Starting on Monday, December 7th, Air New Zealand is adding more capacity on its domestic schedule for the month by upgauging existing flights. Most flights are moving from Airbus A320 services to Airbus A321neo aircraft through the end of the month.
Air New Zealand upgauges domestic flights
According to a press release from the airline, the carrier is upgauging more than 350 flights to larger aircraft during the month. The carrier attributes the decision to better than expected pre-Christmas and business travel demand.
Progressively, according to Chief Customer and Sales Officer Leanne Geraghty, the airline will be adding around 16,000 new seats for travel in December. About 80% of Auckland to Wellington services and 25% of Auckland to Christchurch services will be operated by the Airbus A321neo jets that seat 214 passengers. The Airbus A320s, meanwhile, seat 171 passengers. The bonus part of the Airbus A321s is that they feature inflight entertainment.
Leanna Geraghty went further, stated the following:
“Demand in a post-COVID world has been far more variable than pre-COVID, with bookings often being made very late and flights selling out. We’ve been adding capacity wherever possible which makes more seats available at lower fares. In November we added more than 26,000 seats to the network for travel in the same month, either by adding new flights or deploying larger aircraft on existing routes.
Air New Zealand can’t turn to international demand
Traditionally, Air New Zealand will fly Airbus A321neo on international routes. However, given how many different countries have travel restrictions up, coupled with New Zealand’s own mandates, Kiwis have been turning to domestic travel.
As a result, Air New Zealand has been working to fill in that gap. The carrier is flying a fairly robust domestic schedule and will continue to do so through the holiday season. The current upgauge is expected to last through the end of December. However, if demand continues to exist in early 2021, the carrier could continue these schedule adjustments with upgraded capacity for the next few months.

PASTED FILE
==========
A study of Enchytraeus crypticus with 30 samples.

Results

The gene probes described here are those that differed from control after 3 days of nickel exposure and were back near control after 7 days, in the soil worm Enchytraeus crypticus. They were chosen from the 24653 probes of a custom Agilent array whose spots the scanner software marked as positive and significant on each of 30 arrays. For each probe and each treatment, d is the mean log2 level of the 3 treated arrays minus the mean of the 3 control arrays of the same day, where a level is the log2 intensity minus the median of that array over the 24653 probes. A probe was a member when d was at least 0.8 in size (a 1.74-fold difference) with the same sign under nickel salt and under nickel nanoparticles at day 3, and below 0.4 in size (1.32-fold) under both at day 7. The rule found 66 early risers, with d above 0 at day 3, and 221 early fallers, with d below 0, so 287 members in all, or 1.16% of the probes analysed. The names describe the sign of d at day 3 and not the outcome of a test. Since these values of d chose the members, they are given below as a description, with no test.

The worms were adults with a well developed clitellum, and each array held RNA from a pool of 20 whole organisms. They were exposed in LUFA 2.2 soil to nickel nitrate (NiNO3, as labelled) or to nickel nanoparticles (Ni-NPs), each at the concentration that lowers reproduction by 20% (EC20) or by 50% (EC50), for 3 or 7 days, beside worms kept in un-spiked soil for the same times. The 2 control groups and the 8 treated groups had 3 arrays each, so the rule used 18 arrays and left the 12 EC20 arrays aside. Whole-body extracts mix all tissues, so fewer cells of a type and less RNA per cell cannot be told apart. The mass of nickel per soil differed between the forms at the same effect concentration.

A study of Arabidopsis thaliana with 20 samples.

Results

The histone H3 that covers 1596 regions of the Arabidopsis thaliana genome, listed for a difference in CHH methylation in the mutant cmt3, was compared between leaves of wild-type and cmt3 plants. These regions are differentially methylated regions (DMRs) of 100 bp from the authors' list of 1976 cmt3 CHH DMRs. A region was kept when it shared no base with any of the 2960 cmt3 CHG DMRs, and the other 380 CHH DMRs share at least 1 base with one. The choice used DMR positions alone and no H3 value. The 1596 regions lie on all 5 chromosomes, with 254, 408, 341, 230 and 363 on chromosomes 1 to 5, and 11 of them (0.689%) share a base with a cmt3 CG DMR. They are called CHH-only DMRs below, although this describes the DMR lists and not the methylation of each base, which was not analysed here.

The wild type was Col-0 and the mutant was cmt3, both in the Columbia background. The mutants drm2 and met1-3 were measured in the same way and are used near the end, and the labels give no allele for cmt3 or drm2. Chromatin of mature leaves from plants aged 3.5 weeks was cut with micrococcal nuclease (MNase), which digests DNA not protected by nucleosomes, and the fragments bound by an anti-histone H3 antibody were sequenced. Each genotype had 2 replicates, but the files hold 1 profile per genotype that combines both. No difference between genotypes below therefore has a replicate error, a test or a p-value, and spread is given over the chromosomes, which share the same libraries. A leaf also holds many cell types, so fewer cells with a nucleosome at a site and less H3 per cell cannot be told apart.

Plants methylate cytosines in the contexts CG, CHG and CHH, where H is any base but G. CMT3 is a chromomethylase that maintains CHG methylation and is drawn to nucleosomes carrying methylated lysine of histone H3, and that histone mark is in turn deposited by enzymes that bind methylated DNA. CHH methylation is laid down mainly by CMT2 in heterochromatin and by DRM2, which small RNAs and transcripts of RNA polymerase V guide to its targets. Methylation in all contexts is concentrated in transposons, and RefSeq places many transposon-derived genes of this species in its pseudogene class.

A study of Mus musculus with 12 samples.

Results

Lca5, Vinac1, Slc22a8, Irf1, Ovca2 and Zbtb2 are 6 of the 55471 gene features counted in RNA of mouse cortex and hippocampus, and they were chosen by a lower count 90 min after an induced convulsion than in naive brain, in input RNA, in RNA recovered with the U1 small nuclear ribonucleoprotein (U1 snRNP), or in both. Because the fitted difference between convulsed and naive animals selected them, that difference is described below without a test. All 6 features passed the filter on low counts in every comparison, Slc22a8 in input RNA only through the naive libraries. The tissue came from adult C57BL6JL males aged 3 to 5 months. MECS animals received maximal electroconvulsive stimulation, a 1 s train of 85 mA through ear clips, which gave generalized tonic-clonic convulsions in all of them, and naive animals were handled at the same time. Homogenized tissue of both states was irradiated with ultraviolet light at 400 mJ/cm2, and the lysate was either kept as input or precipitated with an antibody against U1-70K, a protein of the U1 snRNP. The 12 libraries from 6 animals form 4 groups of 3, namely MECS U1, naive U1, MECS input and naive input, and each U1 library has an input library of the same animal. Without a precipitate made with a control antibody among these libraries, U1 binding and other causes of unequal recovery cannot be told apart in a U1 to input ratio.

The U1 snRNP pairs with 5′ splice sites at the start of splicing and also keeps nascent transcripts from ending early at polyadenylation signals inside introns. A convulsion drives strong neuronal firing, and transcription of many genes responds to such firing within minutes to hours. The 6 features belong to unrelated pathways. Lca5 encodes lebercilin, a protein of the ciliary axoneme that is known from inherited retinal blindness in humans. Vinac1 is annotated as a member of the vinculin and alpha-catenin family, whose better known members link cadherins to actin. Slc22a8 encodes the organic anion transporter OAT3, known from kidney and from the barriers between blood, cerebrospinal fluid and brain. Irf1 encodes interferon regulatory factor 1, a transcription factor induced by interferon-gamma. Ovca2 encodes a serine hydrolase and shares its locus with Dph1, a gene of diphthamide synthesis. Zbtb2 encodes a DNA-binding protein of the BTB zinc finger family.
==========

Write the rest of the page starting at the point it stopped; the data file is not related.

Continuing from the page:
Why not widebodies?
Some airlines around the world have turned to flying widebodies on some domestic routes with increased demand. This has happened in countries like the United States and Brazil. However, the problem with flying widebodies on shorter routes is that they are not as cost-efficient as narrowbodies. Especially considering how most of Air New Zealand’s domestic flights are a couple of hours or less in length, the cost of operating a widebody is much higher than a narrowbody.
Air New Zealand’s Boeing 777 fleet is currently grounded. The 777-200ER has been grounded for an indefinite period of time. Meanwhile, the 777-300ER fleet is all parked. Some are parked in New Zealand, while others are out in California, awaiting a time when the carrier can efficiently fly them on long-haul routes.
Plus, Air New Zealand can offer more frequencies with narrowbodies, which means more options for customers to choose when they want to travel. With widebodies, Air New Zealand would likely be flying fewer frequencies in a day on certain routes. Plus, some airports are not suited for handling widebody aircraft, which adds more logistical headaches.
Are you glad to see Air New Zealand upgauge domestic flights this month? Will you be traveling domestically on Air New Zealand? Let us know in the comments!